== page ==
Alvin Plantinga '54 is an American scholar whose rigorous writings over a half century have made theism—the belief in a divine reality or god—a serious option within academic philosophy. He was announced in April as the 2017 Templeton Prize laureate. The Templeton Prize, valued at $1.4 million, is one of the world’s largest annual awards given to an individual and honors a living person who has made an exceptional contribution to affirming life’s spiritual dimension, whether through insight, discovery or practical works. Plantinga joins an esteemed group of 46 prize recipients, including Mother Teresa, Archbishop Desmond Tutu and the Dalai Lama. On Sept. 24, 2017, Plantinga will be formally honored at a celebration held at the Field Museum in Chicago.
Plantinga, while considered a giant in philosophical circles today, started his revolutionizing journey as a teenager reading Plato. We sat down with Al this summer to discuss his six-decade journey in the field, what sparked his interest in the intersection of philosophy and Christianity, and his advice for the next generation of Christian philosophers.
“Al Plantinga’s work has changed the terrain of philosophy and even the academy more broadly. He has shifted the plausibility conditions of academic discourse, making room for faith in the halls of the university. An entire generation of us have become Christian philosophers because of his example and encouragement.”
James K.A. Smith,
professor of philosophy, Calvin College
How did you get interested in philosophy as a young person?
My dad was a professor of philosophy. And when I was 13 or 14 I started reading Plato’s dialogues and talking about them with my dad. I guess my interest in philosophy just grew naturally.
How did you develop a passion for Christianity and philosophy?
I was brought up as a Christian, then when I got to be 15 or 16 there was an awakening … . I became much more serious about Christianity. My father was a professor of philosophy at Jamestown College. During my freshman year I went to Jamestown College for one semester. Then my Dad moved to Calvin. I moved with him and went to Calvin for one semester. Then the next year I went to Harvard for one year and I liked Harvard a lot. But while I was at Harvard, during the spring vacation, I came back to Calvin and visited my parents and heard Harry Jellema lecture three times that week in a class on ethics, and I was so impressed with Harry Jellema that I left Harvard and came back to Calvin.
“Plantinga’s influence has come both through his books and many articles and through his teaching and public lecturing. Hundreds of graduate and undergraduate students have found his teaching compelling and inspiring. His public lectures have regularly drawn hundreds. On a recent lecture trip in Iran he was hailed as a rock star. He has ‘presence.’”
Former colleague of Plantinga at Calvin College
How was it that you came to a point where you said, “I want to figure out a way Christianity and philosophy could be compatible?”
The idea that Christianity and philosophy are like oil and water and can’t mix never occurred to me until after I had left Calvin and then I heard it from other people who felt that way. It’s not like I had to overcome that, I didn’t even hear of it until I was out of college.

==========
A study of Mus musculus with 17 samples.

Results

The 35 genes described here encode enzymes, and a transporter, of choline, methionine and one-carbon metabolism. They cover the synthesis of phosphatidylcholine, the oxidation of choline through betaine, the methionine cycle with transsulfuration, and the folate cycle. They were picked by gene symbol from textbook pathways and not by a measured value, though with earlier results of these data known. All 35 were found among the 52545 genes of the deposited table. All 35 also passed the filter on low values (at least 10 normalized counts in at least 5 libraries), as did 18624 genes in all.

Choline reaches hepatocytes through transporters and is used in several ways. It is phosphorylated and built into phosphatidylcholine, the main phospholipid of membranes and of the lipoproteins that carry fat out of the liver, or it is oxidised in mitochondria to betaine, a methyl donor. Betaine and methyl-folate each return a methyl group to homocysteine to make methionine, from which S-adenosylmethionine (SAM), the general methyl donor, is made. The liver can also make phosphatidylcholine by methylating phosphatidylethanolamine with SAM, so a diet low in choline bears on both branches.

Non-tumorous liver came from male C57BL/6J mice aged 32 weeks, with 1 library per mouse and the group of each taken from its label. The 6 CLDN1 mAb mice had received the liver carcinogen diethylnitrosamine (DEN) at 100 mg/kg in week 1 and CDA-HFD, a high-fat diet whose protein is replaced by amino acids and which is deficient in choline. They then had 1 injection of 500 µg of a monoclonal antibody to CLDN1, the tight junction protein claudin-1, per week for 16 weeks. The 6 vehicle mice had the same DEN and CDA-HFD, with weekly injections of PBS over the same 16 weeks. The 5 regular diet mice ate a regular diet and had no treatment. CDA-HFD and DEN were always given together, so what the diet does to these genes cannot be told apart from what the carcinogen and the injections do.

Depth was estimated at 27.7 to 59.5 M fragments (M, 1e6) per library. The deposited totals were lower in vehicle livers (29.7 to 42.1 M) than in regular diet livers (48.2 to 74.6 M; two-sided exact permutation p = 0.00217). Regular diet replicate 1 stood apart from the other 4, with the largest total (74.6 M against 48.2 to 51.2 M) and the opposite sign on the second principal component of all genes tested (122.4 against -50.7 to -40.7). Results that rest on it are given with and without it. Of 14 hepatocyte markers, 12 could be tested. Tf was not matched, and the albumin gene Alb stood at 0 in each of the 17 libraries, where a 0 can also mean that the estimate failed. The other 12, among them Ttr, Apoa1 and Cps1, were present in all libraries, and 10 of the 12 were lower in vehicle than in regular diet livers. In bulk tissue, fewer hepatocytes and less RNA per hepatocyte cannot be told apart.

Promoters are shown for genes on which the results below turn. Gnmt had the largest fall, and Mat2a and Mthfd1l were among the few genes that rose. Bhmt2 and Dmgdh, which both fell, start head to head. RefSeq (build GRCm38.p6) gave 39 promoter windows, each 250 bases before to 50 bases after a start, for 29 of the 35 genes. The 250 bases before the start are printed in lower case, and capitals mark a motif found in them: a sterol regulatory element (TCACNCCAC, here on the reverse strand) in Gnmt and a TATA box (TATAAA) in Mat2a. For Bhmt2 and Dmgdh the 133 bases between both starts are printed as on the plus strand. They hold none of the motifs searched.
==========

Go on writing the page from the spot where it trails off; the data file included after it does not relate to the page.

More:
How would you define your calling?
My idea was that my job was to be a Christian philosopher and to interest as many people as I could in being a Christian philosopher and defend the whole idea of being a Christian philosopher. While at Calvin it wasn’t a problem like it was in the philosophical world at large, where one idea was you couldn’t seriously be both a real philosopher and a serious Christian.
Templeton said your ideas revolutionized the way we think. What do you think they meant by that?
I think bringing philosophy and Christianity together to be an unabashed Christian in philosophy is what they had in mind … . I’ve met many philosophers who are Christians but were very low key about it, sort of keeping their head down. That wasn’t true of me, but not because I was especially brave or anything, but because of the places where I was teaching at where being a Christian was of course absolutely acceptable.
I’d like to encourage young Christian philosophers and college graduates and the like to see Christian philosophy as what it is, something very important for the Christian community, something really worth working hard at, and something to be proud of.
Did you know the ideas you were dealing with would be revolutionary?
No, I never thought of them as revolutionary … . What might have been unusual was that I talked about Christianity as a philosopher without being embarrassed or ashamed or soft-pedaling it or thinking I was a second-class citizen because of that or worrying about philosophers who wouldn’t approve of it. I didn’t really worry about what they would think; I just did what I thought was the right thing to do.
What are the pressing issues in philosophy that need a Christian perspective?
I don’t know if there’s anything that’s really new. There are materialist philosophers; there are Christian philosophers; there are humanist philosophers; and the Christian philosopher’s job now—which it has been and I think it will be the same in the future—is to represent Christianity in an unabashed, unafraid way against these other currents in philosophy.